London, Mar 15: Broadway-bound show "Matilda The Musical" gained 10 nominations Thursday for British theater's Laurence Olivier Awards -- including a joint best actress nod for the four children who share the title role.
Based on Roald Dahl's tale of an extraordinary little girl from an ordinary family, the show is nominated in every possible category, from set and lighting design to best new musical.
Written by the playwright Dennis Kelly, with music and lyrics by Australian comedian and composer Tim Minchin, "Matilda" was produced by the Royal Shakespeare Company, which has announced it plans to open it in New York early next year.
Its competition for best new musical includes three movie adaptations -- "Ghost The Musical," "Shrek The Musical" and "Betty Blue Eyes," which is based on the 1984 film "A Private Function." Also nominated is "London Road," an innovative, reality-based musical drama about a neighborhood traumatized by a serial killer in its midst.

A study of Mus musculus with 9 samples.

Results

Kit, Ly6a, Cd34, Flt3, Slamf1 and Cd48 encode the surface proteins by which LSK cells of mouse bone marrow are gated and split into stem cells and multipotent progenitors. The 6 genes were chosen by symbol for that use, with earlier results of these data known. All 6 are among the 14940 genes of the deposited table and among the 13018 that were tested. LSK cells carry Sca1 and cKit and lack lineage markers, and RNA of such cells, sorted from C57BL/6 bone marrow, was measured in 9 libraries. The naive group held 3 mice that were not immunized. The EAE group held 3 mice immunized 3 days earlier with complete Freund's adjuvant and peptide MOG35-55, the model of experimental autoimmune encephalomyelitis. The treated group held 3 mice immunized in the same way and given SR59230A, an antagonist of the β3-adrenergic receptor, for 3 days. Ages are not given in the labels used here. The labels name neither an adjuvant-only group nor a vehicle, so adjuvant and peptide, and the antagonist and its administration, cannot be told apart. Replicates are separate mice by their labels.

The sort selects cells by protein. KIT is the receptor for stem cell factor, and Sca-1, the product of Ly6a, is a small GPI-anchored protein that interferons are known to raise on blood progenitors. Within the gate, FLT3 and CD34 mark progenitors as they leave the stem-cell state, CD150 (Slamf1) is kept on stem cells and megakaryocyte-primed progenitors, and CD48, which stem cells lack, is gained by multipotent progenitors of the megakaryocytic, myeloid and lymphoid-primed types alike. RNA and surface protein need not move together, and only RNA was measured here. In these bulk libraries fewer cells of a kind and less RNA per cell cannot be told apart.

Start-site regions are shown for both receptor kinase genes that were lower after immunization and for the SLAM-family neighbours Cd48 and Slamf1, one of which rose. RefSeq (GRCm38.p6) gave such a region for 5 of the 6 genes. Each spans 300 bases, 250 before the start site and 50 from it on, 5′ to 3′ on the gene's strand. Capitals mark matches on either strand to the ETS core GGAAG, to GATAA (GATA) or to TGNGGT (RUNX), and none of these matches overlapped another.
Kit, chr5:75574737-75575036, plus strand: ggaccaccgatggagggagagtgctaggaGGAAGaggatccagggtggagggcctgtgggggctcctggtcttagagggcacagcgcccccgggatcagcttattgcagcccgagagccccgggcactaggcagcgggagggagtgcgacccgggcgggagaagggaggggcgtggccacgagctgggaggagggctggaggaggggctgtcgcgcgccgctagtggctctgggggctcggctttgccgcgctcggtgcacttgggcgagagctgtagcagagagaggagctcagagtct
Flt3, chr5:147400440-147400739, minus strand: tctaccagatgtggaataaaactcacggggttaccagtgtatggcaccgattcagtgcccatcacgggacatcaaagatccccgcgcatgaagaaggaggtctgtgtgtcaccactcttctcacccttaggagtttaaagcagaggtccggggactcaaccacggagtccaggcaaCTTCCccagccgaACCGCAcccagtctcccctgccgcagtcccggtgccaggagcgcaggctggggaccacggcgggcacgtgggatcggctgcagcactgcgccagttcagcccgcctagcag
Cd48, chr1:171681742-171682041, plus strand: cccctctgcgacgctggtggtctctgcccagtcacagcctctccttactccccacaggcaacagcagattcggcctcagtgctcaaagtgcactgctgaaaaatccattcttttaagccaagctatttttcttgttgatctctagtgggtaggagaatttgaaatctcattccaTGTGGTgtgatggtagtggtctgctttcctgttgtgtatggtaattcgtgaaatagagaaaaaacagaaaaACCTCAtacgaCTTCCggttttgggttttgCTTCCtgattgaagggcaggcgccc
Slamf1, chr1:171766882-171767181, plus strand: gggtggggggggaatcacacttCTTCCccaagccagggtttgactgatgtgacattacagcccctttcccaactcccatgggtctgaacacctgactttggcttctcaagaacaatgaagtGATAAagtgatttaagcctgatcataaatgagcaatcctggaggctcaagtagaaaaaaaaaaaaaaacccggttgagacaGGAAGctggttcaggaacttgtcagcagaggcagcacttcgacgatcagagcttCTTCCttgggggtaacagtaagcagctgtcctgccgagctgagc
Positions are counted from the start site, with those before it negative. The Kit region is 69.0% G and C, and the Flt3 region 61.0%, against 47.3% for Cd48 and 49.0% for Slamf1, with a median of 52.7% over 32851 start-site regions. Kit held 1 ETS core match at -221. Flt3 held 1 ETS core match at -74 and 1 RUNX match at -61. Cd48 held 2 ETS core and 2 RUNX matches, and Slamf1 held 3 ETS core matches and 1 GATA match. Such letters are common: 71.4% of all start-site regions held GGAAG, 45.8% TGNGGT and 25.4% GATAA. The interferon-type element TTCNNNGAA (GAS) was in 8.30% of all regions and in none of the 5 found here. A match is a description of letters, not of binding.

The Olivier awards, Britain's equivalent of Broadway's Tonys, honor achievements in London theater, musicals, dance and opera. Winners in most categories are chosen by a panel of theater professionals and members of the public.
This year's trophies will be handed out April 15 during a ceremony at London's Royal Opera House.
Two retro-styled British comedies -- Ealing Studios-inspired "The Ladykillers" and 1960s-set farce "One Man, Two Guvnors" -- lead the non-musical categories with five nominations apiece. Each is up for best new play, alongside Stalin drama "Collaborators" and midlife crisis comedy "Jumpy."
"One Man, Two Guvnors" opens at New York's Broadway's Music Box Theatre on April 18 with most of its original cast.
Jude Law is nominated for best actor in a play for "Anna Christie." He's up against James Corden for "One Man, Two Guvnors," David Haig for "The Madness of George III," Douglas Hodge for "Inadmissable Evidence" and the duo of Benedict Cumberbatch and Jonny Lee Miller -- jointly nominated for alternating the title role in "Frankenstein."
The best actress category pits Kristin Scott Thomas, for Harold Pinter's "Betrayal," against Celia Imrie for "Noises Off," Lesley Manville for "Grief," Marcia Warren for "The Ladykillers" and Ruth Wilson for "Anna Christie."